We all remember He Who Shall Not Be Named, who once held seven consecutive Tour titles, but doping and skullduggery have been part and parcel of the Tour since it began.
The second edition was almost its final one, as Mr Desgrange disqualified 12 of the entrants, including the first four on GC. Nine were booted for using cars or trains, including the winner of the first and, pre-DQ, this second edition, Maurice Garin. There was fighting, sabotage, spectator-interference and more… drop by at The Dirtiest Tour and read a fuller version of events, it beggars belief. And that was just the beginning of the Tour and cycling’s long history of marginal (and not-quite-so) gains.
We think of doping as a modern construct, but the guys were already looking for advantages a century ago; rubbing cocaine into their gums to numb the pain, mixing strychnine (!) with brandy to dull the monstrous distances they needed to cover and more. Jacques Anquetil, the first man to win five Tours, scoffed at the idea of winning even one ‘clean’; “You can’t ride the Tour de France on mineral water.” Master Jacques was a man for a quote, to digress somewhat. “To prepare for a race there is nothing better than a good pheasant, some champagne and a woman”, is an all-time favourite, and then there is his final comment on the doping side: “You’d have to be an imbecile or hypocrite to imagine that a professional cyclist who rides 235 days a year can hold himself together without stimulants.”
Even the greatest cyclist of all time, Eddy Merckx, fell foul of the anti-dopers, as did Bernard Hinault, in refusing to submit to a test in 1982, shortly after winning his fourth Tour de France, picking up a fine and a one-month suspension he conveniently forgets when giving the current crop of riders a hard time…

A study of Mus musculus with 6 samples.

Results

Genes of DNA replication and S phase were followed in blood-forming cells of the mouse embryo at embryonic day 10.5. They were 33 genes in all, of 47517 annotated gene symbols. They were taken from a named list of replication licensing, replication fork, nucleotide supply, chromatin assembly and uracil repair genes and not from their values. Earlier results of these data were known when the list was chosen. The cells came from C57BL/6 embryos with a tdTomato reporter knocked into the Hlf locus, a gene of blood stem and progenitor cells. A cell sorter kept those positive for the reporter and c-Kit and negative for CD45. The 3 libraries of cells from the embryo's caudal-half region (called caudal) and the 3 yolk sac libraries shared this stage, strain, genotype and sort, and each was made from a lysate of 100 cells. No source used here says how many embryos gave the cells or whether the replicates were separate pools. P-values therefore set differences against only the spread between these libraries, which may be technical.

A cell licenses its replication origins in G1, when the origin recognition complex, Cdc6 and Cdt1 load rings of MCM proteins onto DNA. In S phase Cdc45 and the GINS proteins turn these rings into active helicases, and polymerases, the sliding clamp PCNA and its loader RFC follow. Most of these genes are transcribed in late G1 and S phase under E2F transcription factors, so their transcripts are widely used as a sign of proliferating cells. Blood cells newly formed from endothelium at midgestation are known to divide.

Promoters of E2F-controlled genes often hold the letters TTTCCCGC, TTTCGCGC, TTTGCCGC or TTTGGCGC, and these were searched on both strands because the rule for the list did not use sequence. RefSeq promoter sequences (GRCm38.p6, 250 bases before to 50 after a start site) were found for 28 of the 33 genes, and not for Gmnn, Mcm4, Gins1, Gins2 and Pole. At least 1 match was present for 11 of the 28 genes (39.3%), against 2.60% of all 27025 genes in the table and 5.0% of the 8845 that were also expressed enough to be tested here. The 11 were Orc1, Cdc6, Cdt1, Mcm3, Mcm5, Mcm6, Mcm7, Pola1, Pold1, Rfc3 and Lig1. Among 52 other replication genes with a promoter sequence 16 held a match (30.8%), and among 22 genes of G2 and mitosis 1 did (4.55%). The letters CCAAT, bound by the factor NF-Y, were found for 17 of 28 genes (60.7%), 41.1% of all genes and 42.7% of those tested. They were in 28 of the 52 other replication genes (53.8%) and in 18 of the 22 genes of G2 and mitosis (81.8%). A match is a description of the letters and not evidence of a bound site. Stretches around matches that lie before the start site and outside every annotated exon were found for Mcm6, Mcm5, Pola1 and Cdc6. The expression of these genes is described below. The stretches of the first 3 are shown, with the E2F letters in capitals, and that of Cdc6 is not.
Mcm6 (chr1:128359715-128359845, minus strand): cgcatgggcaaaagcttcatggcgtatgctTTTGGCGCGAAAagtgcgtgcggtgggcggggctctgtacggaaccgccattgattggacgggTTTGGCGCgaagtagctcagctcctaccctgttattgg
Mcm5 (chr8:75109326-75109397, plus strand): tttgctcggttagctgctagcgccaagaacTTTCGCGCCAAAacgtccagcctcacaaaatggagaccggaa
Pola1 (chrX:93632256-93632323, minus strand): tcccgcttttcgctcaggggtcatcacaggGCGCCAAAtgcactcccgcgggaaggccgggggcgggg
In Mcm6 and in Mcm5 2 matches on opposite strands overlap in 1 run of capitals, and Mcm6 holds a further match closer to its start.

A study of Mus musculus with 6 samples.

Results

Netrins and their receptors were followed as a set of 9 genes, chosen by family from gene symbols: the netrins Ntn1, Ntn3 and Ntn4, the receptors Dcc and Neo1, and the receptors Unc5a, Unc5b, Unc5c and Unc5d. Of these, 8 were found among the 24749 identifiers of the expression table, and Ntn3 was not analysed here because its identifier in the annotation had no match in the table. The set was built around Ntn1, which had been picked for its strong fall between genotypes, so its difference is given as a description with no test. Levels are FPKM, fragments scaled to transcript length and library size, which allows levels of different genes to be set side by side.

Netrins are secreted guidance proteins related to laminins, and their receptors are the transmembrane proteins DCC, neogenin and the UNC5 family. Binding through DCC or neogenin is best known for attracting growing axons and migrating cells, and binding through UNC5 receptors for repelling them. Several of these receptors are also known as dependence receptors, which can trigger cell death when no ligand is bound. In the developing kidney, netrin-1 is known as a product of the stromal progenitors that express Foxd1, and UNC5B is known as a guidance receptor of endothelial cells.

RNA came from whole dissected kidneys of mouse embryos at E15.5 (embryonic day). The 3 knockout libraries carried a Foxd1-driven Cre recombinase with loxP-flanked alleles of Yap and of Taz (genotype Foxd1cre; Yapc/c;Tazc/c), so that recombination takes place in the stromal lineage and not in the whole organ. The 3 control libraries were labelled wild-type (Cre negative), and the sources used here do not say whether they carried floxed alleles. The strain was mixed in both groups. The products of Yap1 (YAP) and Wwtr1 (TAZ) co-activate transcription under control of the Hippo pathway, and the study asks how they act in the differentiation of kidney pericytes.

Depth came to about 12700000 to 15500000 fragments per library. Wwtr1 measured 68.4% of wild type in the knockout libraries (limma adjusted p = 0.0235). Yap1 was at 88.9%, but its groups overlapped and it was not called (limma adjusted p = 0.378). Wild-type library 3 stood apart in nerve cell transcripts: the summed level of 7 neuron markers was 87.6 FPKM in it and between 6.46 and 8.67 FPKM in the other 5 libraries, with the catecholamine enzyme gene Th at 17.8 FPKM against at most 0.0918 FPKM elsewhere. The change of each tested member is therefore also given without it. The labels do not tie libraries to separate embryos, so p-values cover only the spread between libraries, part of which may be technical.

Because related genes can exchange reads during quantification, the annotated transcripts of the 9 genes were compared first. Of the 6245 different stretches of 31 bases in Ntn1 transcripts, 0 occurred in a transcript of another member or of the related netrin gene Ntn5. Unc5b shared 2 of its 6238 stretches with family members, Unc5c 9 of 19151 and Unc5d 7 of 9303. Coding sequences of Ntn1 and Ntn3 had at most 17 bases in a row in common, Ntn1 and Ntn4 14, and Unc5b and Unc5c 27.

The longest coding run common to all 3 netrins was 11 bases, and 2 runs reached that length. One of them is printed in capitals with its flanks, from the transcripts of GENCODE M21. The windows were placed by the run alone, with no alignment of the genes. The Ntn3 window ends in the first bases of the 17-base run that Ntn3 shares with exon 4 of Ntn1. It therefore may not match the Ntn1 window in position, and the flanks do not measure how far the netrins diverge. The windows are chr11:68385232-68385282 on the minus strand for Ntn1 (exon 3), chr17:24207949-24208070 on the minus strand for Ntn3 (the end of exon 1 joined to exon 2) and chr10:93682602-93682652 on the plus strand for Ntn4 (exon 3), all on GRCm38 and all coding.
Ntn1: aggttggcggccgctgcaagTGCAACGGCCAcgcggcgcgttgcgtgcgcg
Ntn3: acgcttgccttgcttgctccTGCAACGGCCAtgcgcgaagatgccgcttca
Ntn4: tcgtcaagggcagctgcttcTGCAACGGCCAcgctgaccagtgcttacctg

Is the entire peloton doping today? We asked an eminent sports doctor for an off-the-record opinion (he has some deeper knowledge that can’t be published) and the answer was a simple one: 10 years ago, the non-dopers were in the absolute minority, if there were any at all in the Tour. Today, the controls are so refined that he would be surprised if five (10, at most), were brave enough to take them on.
As with any business – and cycling at this level is a business first and foremost – individuals and teams are rightly optimising every minute detail of what they do, which includes nutrition and supplementation. If the rules allow the use of certain substances, for as long as those rules are abided by, it isn’t (technically) cheating, is it?